The House has approved a bill to fight domestic terrorism
LEILA FADEL, HOST:
Senate Majority Leader Chuck Schumer says he'll schedule a procedural vote next week on a bill aimed at addressing domestic terrorism. It's called the Domestic Terrorism Prevention Act of 2022. The House passed it just days after the racist attack in Buffalo, N.Y., an attack President Biden has referred to as an act of domestic terrorism. But only one House Republican voted for it. Shortly after the vote, I spoke with House Democratic Leader Steny Hoyer.
So let's start with why you think the country needs this law. Because I think of the Patriot Act passed over 20 years ago, and it led to the chipping away of constitutional liberties, government overreach, the racial and religious profiling of Arab and Muslim communities. Could this have the potential to do the same thing?
STENY HOYER: Well, I certainly hope not. But as you may recall, in this procedure, we had this bill and we were about to bring it to the floor. And there were a number of questions raised that it was not defined sufficiently, that the ACLU, the Leadership Conference on Civil Rights and a number of other organizations had concerns that its targeting would be not what was intended but in a broader way so that it would put at risk constitutional First Amendment rights. We took it back to the drawing boards, and we modified the language so to be sure that it was focused on domestic terrorism. But in any event, we think that we have ensured that this language will not adversely affect in the way that you just described.
FADEL: But the Republicans do sort of voice those grievances, that this would pin a domestic terrorism label on people, for example, parents who criticize their school boards.
HOYER: I think there's a clear distinction between bringing your grievances, making your points made, but you cross the line when you threaten people with death, as the insurrectionists of January 6 did, saying that they wanted to kill the vice president of the United States or they wanted to kill the speaker of the House of Representatives. That clearly is not the kind of political debate that our constitutional framers had in mind. And we think this bill makes that distinction and makes it properly.
FADEL: And how does that apply to white supremacism and white supremacist groups?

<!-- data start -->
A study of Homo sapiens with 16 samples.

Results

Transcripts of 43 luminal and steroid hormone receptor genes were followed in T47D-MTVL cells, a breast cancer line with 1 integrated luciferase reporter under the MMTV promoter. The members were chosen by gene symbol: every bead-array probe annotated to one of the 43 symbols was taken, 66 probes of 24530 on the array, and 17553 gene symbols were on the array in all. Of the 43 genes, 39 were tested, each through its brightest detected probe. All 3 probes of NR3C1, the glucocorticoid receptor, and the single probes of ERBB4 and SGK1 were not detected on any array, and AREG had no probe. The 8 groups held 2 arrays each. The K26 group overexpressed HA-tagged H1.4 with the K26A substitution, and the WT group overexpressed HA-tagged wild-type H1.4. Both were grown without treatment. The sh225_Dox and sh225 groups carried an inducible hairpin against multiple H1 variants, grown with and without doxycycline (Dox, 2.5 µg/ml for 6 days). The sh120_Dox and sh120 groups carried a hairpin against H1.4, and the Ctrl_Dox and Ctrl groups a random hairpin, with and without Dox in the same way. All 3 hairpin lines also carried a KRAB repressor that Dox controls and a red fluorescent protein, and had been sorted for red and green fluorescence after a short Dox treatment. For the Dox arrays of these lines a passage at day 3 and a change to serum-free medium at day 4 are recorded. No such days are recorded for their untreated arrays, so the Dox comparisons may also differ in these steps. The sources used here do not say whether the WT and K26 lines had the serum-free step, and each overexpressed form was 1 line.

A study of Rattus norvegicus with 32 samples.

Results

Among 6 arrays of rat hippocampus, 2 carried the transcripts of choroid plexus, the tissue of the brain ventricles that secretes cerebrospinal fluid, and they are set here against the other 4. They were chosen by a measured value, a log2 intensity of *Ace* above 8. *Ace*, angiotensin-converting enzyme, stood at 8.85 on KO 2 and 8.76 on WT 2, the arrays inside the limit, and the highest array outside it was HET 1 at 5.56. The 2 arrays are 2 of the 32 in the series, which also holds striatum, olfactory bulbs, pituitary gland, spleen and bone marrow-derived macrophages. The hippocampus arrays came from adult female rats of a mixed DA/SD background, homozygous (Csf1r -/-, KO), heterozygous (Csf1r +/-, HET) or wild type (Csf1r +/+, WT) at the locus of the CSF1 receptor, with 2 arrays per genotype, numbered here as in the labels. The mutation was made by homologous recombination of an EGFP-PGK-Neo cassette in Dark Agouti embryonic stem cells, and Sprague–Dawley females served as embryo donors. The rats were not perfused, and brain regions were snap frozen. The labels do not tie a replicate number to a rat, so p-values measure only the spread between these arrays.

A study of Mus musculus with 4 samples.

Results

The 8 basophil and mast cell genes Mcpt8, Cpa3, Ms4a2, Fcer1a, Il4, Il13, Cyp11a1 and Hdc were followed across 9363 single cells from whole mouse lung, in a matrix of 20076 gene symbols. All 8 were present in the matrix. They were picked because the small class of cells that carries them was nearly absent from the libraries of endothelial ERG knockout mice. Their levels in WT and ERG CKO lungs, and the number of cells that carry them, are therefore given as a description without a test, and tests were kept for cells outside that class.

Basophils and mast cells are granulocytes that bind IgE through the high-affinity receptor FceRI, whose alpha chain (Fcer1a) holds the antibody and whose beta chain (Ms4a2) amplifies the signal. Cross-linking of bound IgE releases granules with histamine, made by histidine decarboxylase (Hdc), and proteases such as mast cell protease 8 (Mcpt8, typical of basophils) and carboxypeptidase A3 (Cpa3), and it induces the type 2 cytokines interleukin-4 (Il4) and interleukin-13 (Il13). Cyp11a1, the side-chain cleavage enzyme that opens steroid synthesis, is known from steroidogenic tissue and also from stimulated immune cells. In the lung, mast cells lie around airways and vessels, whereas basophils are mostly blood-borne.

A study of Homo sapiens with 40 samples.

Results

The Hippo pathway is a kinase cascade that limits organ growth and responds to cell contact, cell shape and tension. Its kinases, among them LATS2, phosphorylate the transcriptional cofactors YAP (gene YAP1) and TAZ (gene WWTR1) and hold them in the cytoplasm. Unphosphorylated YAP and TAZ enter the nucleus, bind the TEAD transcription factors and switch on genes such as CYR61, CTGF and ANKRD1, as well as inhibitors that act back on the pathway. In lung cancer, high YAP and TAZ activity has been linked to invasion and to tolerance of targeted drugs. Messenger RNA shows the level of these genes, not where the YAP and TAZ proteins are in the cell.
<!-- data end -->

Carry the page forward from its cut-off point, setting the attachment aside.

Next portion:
HOYER: The distinction is, is it a First Amendment - they articulated a particular position. That's one thing. But when they articulate a particular position and then plan or advocate and perpetrate acts of violence in furtherance of that ideology, whether it's a hate ideology, a bigoted ideology, a replacement ideology, if that leads to action and proposal for action and plans for action, then that crosses the line legally. And from a security standpoint, we need to have agencies that can deal with that before, as we saw in Buffalo, 10 people being killed or we've seen in too many places.
FADEL: What happens to this? I mean, will it even pass the Senate? Is there any hope for it?
HOYER: I don't know whether it'll pass the Senate. Unfortunately, the Senate is too frequently a place that good bills supported by the overwhelming majority of Americans go to die. And that's because of the filibuster and the need to pass a bill with 60 votes, not 50 votes. And I've urged to the Senate to eliminate the filibuster so that the majority could rule. Otherwise the people's will can be subverted by a minority.
FADEL: So does this bill then just become politics? I mean, we're coming up on the midterms. Is this an attempt by the Democrats to get something, anything done? I mean, you got a big infrastructure package passed but nothing on climate change, nothing on gun control. The child care tax credit wasn't extended. Is it an attempt to get something to stick?
HOYER: Certainly, we want to pass this. We want to see it become law because we think it's good policy and it's protection of people from the results of hate and prejudice and bigotry. Sadly, 40% of the American people are like 75% of the Senate. So the Senate is, in many ways, not a representative body of the majority of Americans. Having said that, we're going to keep trying to pass legislation that we think the American people thinks is appropriate. And I can't believe that the majority of American people do not believe that we are not - ought not to be trying to prevent hate groups engendering and inciting the kind of activity that we saw in Buffalo, N.Y., and that we've seen so many places around this country resulting in the deaths of many, many, many people.
FADEL: House Majority Leader Steny Hoyer, thank you so much for your time.
HOYER: You bet. Thank you. Transcript provided by NPR, Copyright NPR.